We are working with amazing individuals, schools, communities, organisations, academics and governments, not only to conserve existing mangrove forests, but also to restore what has been lost. Through our education and training programs, we teach how to successfully restore degraded or unhealthy mangrove ecosystems and also encourage younger generations and communities to take an active interest in their local mangrove forests.
Mangroves are an essential ecosystem for a healthy ocean. Unfortunately, the huge role of these vital trees is often misunderstood. The Mangrove Action Project’s approach not only involves restoring healthy mangrove ecosystems around the world, but also educating and empowering local stakeholders and teaching the importance of mangrove ecosystems to the next generation.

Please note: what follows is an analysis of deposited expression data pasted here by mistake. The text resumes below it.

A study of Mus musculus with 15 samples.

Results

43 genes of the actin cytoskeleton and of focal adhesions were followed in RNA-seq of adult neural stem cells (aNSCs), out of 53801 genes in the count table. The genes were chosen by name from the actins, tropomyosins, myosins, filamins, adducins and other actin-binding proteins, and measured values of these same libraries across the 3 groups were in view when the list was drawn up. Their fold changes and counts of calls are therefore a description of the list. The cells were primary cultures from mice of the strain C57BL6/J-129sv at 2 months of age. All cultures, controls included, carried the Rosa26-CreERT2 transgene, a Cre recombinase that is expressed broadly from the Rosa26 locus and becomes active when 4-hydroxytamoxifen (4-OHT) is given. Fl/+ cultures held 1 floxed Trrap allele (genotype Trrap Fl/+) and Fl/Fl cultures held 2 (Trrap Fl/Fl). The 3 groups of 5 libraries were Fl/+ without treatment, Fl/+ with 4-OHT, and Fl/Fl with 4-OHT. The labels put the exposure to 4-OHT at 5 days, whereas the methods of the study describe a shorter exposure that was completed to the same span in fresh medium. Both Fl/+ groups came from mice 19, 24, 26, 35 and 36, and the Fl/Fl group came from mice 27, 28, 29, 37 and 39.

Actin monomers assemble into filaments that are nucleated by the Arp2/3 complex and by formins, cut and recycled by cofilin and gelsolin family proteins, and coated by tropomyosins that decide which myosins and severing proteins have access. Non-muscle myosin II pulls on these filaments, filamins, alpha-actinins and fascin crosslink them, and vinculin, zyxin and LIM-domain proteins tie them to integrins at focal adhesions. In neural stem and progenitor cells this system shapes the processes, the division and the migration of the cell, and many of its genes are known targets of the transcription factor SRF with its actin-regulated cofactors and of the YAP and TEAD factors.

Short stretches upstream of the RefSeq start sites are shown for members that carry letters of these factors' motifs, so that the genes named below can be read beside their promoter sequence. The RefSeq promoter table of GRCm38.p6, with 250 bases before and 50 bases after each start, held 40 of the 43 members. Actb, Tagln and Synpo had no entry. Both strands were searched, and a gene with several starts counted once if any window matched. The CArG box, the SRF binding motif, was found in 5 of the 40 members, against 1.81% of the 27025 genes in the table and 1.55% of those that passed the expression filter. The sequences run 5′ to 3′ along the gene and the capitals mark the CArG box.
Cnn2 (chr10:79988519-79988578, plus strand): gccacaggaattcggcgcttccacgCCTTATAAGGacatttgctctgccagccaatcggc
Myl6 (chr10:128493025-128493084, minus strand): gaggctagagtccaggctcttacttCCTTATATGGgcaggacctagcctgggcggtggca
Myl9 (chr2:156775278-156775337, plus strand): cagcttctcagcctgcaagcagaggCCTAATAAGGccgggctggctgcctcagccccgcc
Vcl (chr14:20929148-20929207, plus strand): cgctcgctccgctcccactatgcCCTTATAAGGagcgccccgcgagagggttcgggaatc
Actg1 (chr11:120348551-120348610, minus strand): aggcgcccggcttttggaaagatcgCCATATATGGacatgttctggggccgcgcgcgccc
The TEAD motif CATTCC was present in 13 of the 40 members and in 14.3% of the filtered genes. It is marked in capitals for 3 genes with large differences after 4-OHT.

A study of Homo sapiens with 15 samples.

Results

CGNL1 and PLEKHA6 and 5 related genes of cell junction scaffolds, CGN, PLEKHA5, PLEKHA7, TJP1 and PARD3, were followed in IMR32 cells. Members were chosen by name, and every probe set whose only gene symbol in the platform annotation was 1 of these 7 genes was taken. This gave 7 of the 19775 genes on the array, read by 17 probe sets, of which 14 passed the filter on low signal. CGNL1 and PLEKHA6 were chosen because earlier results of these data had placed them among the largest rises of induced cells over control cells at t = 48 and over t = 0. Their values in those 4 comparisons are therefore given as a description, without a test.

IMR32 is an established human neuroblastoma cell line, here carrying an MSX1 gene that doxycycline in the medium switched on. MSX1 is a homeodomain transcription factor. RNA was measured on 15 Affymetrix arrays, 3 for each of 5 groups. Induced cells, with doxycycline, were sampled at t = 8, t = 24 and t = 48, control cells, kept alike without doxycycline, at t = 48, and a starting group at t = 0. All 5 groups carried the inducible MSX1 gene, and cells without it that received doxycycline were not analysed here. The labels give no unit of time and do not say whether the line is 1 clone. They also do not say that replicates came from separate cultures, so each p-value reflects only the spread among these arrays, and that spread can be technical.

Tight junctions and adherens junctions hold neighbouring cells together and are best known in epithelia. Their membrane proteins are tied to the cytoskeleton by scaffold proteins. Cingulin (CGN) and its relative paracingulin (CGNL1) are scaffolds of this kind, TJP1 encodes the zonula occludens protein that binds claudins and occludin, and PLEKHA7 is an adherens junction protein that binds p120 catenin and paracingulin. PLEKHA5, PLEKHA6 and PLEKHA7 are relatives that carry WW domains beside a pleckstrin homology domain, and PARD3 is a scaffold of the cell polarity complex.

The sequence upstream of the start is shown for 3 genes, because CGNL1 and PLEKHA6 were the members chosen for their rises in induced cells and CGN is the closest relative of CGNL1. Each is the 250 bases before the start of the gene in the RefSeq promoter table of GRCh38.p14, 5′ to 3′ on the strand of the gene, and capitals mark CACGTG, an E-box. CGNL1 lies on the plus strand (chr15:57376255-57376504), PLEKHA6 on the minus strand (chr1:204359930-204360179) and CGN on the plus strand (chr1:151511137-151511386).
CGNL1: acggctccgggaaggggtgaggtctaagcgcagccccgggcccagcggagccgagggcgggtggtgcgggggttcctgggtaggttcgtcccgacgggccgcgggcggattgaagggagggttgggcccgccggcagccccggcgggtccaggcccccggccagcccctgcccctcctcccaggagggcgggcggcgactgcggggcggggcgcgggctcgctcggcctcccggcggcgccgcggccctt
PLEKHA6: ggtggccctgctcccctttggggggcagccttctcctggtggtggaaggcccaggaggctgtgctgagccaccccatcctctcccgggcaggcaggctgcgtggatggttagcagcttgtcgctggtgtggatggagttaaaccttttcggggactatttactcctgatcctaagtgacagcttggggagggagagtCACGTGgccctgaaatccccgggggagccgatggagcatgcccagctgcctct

I genuinely believe that it is only through fostering an understanding in local communities that real change will happen; and only through creating a passion in the next generation will lasting change be realized!
MAP’s work is important for the oceans because restoring degraded mangroves or increasing their health removes sediment from river water that would otherwise smother seagrass and coral. Mangroves also remove excess nutrients from river water – essential for seagrass and coral which are both low-nutrient systems. Mangroves’ amazing productivity, and the nursery function they offer marine creatures, increase the inshore fisheries. This boosts the ocean’s food-web and provides food security to local fisherfolk.
Why is our work important? Our restoration training workshops are essential because sadly most mangrove restoration projects fail or fail to meet their objectives. We build stakeholders’ capacity so they can restore their own mangroves and help others to do so. It’s much more complex than just planting terrestrial trees. Furthermore, our ‘Marvellous Mangroves’ schools education program ensures that the next generations appreciate the value of mangroves and will look after them when they are in a position to do so.